There is risk in almost everything, including getting repaid on your judgment. Many judgments result from someone being scammed, and a few judgment debtors attempt to scam their creditors again when they "satisfy" the judgment. The classic example is when you take a check to pay off your judgment, deposit it, satisfy the judgment; and then a week later, your bank tells you that check did not clear.

This article is my opinion, and not legal advice. I am a judgment broker , and am not a lawyer. If you ever need any legal advice or a strategy to use, please contact a lawyer.

After someone pays off a judgment, they expect the former judgment creditor to satisfy that judgment immediately. As much as the judgment creditor wants to be paid and satisfy the judgment, there is often reason to wait until you know you have been repaid "for sure". Ultimately, very few things are 100% for sure. If the creditor satisfies a judgment and gets ripped off, often the only recourse is to sue again, usually to get another judgment.

The safest way to accept payment to pay off your judgment is to meet your judgment debtor at their bank and watch them get either cash, or a cashier's check (and then deposit that cashier's check at your bank ASAP).

Try not to file a satisfaction of judgment at the court until you are sure you have actually been paid. If your judgment debtor wants a satisfaction immediately, then only cash counts. Satisfactions need to be notarized, and that is OK because you can bring it, and not give it to them or court file it; until you are paid cash, or with some other guaranteed funds. The rest of this article covers some of the ways one can get ripped off, accepting payment for a judgment:

1) Bankruptcy. As per 11 USC section 547, if the debtor pays you and then quickly files for bankruptcy protection, the BK trustee might decide it is a preferential transfer; and order you to pay the court everything the debtor paid you. Different from most other ways that a creditor can get ripped-off, there is usually no recourse for this situation.

2) Cash. There is still some good-looking counterfeit currency out there. Although not likely, you could get some from your judgment debtor. A cheap investment to combat this possibility is buying a bill checker pen.

3) Personal checks can bounce, even several weeks after you deposit them. Stop-payments can even be placed on cashiers checks. It is usually safe 10 business days after deposit, before you can presume checks are good. If your debtor's check bounces, they may owe you more, and their dischargeable debt (if they file for bankruptcy protection) might become non-dischargeable. Somebody could argue that your damages are only the returned check charges, and not the amount of the bounced check. And, the cost of filing the new lawsuit to try to recover the check will be much more than the returned check fees.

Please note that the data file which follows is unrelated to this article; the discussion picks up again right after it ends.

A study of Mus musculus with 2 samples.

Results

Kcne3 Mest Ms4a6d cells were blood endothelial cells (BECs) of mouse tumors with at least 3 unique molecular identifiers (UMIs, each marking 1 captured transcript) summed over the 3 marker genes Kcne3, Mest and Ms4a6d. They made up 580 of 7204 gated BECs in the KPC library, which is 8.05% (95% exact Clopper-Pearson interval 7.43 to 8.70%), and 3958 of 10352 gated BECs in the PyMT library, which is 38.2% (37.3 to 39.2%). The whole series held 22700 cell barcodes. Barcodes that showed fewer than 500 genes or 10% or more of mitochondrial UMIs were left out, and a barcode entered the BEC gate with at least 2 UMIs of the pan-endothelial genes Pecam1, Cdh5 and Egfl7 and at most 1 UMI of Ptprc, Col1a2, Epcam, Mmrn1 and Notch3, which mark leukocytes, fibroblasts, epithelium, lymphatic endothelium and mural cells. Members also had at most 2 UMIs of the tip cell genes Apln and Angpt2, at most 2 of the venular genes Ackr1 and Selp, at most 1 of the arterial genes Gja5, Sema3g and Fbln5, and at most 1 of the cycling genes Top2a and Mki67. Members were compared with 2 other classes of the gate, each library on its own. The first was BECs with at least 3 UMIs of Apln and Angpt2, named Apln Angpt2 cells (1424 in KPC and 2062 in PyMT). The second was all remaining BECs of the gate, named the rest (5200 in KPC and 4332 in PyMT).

Another scam that sometimes bites lawyers is when an ex-spouse overseas asks a lawyer to collect a support order where the ex-husband already paid a portion, and the ex-wife just needs to "motivate" her ex to pay her the rest. They send a check for (e.g., 20) times the amount of the lawyer's retainer/costs, The check is deposited, and then the ex-wife demands a refund. Of course, her check was a fake in the first place, and it will be too late to stop the payment on the lawyer's check, and some lawyers have been burned this way.

4) Money orders. Stop-payments can be placed on money orders. Be aware of a scam where the debtor buys a money order to pay you, and then takes their receipt back the next day and tells the issuer the money order was destroyed (e.g., "my dad shredded it because I left it on top of some other papers, and his eyes are not so good"). The issuer might return their funds to them. Then, the debtor gives you that original money order they had claimed was lost. When you deposit the money order, it is initially accepted by your bank and shows up as a deposit, however in about 10 days it bounces.

5) Accepting credit cards or using online systems such as PayPal. There are portable credit card payment devices such as SquareUp.com. Square is a device that accepts credit card payments using a smart phone. What if you could meet your judgment debtor in court and scan their credit card to pay off your judgment? That sure would be convenient, however there are risks and downsides to doing this. There are two kinds of risks with taking credit card payments to repay your judgment:

5A) The laws and contracts in credit card merchant agreements mean you must be careful not to violate the terms of your contract. Contact your merchant to verify that you may use your merchant account for the purpose of accepting payments for repaying judgments or debts.

Companies such as PayPal may have special restrictions, so read the fine print in their agreements. Such restrictions are there because they are a merchant services provider or a credit card wholesaler. They are an accumulator of smaller transaction amounts made by their individual customers, and do not need to have any legal capacity. If they are not happy with a transaction of yours, they can just reverse the transaction and debit your account. They have a remedy, so a new lawsuit would not be needed.

5B) Credit card charges can be disputed or charged back. Imagine that you swiped your debtor's card with a portable device attached to your smart phone. Five minutes later, the debtor might be on the phone to stop that transaction. Sometimes an authorized credit card charge is little more than another promise to pay. It is enforceable, however it requires a new lawsuit. If you have the judgment debtor's acceptance signature on an authorization form, it will be harder to dispute later. You can also add credit card fees, if they are on your authorization form.